The mechanisms that control the growth and functional differentiation of the liver in the late gestation fetus are critical to fetal metabolis and metabolic adaptation of the newborn. Their perturbation contributes to fetal origins of adult metabolic disorders. The biology of fetal liver development also has relevance for cell-based therapy for liver diseases, hepatic carcinogenesis, and the control of fetal somatic growth. This proposal is based on the central hypothesis that late gestation fetal liver development is regulated by mechanisms that differ from those that control adult liver mass. It focuses on the mechanisms by which the mammalian Target of Rapamycin (mTOR), a nutrient-sensing Ser/Thr kinase, regulates cell cycle progression, ribosomal biogenesis, protein synthesis, and gene expression. The long term goal of the project is to understand nutrient regulation of fetal somatic growth. This goal will be pursued through three Specific Aims. The first two will focus on molecular mechanisms that control cell proliferation and growth. Results from these aims will be applied to the third aim that will employ a novel animal model of enhanced mTOR signaling.
Specific Aim 1 is to determine the mechanism by which mTOR controls cell cycle progression through regulation of the activity of cyclin E-containing complexes.
This aim will test the hypothesis that mTOR mediates post-translational modification of components of cyclin E complexes that regulate activity of the cyclin E effector, cyclin- dependent kinase 2 (CDK2).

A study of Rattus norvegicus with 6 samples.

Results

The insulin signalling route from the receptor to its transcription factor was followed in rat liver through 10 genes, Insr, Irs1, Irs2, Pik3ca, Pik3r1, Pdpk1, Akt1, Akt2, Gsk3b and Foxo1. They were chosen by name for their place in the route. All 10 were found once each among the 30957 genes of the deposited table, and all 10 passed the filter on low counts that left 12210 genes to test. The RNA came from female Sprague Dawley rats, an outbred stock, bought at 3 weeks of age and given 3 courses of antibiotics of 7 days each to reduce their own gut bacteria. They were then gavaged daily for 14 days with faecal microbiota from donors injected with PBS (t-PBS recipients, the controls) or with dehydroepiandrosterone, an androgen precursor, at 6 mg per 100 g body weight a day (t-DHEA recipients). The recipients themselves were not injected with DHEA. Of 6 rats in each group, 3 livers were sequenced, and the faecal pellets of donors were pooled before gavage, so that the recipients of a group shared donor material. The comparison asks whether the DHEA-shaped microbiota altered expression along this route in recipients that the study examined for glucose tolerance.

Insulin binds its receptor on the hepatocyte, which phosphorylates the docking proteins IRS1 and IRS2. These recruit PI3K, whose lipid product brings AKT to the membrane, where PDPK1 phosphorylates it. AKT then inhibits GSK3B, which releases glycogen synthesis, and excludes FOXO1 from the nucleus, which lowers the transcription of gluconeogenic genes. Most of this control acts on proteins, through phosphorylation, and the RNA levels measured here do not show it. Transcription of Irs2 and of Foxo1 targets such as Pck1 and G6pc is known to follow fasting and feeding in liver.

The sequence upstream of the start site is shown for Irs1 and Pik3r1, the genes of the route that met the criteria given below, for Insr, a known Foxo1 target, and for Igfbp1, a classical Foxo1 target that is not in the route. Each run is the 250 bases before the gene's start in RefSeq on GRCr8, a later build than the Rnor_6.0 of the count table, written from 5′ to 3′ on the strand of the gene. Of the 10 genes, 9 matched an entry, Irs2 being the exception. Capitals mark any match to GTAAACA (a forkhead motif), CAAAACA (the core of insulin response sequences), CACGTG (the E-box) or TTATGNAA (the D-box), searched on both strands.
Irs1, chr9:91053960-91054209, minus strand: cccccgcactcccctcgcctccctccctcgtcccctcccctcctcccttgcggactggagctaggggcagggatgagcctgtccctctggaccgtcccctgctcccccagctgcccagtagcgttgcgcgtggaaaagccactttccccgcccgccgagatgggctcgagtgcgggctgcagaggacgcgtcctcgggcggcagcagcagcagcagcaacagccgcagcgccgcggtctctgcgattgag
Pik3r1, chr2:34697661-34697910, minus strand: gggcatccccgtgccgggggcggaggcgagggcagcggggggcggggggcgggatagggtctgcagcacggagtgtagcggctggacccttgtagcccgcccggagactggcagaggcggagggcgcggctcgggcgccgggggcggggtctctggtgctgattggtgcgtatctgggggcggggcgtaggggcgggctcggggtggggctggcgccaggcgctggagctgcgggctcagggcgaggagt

Specific Aim 2 is to test the hypothesis that the Ser/Thr protein phosphatases, PP2A and PP6, are directly involved in the mTOR-mediated regulation of hepatocyte proliferation, ribosomal biogenesis, and translation.
In Specific Aim 3, we will apply the findings from the first two aims to a model of global mTOR activation in the late gestation fetal mouse. We will use a genetic mouse model in which there is conditional deletion of a key mTOR inhibitor, Tsc1.
This aim will test two hypotheses. The first is that fetal cells in a spectrum of tissues are responsive to augmented mTOR activity through augmented cell cycle progression, ribosomal biogenesis and global protein synthesis, and through modulation of gene expression. The second is that mTOR activation can rescue the fetus from the growth retardation associated with maternal protein restriction. The project will incorporate innovative analytical approaches, including stable shRNA- mediated gene deletion and mass spectrometry-based phosphoproteomics, to characterize molecular mechanisms involved in mTOR signaling. Completion of these aims will advance our understanding of how nutrients regulate fetal growth during late gestation. Our results will provide insight into the pathogenesis and prevention of dysregulated liver metabolism and liver cancer while also contributing to the development of cell- based strategies for therapy of liver disease. The proposed work also has significance for several broad areas of human health and disease, including the dysregulation of fetal growth and its attendant postnatal consequences, the biology of facultative progenitor cells, and tissue regeneration and carcinogenesis.
The relevance of the proposed work to public health is based on the relationship between fetal growth and a spectrum of disorders that includes obesity, metabolic syndrome and type 2 diabetes, and cancer. Under- standing the growth regulation of fetal cells also has implications for cell-based therapy for a variety of dis- eases. Thus, the goas of the project are consonant with the focus of NICHD on health and disease across the developmental continuum.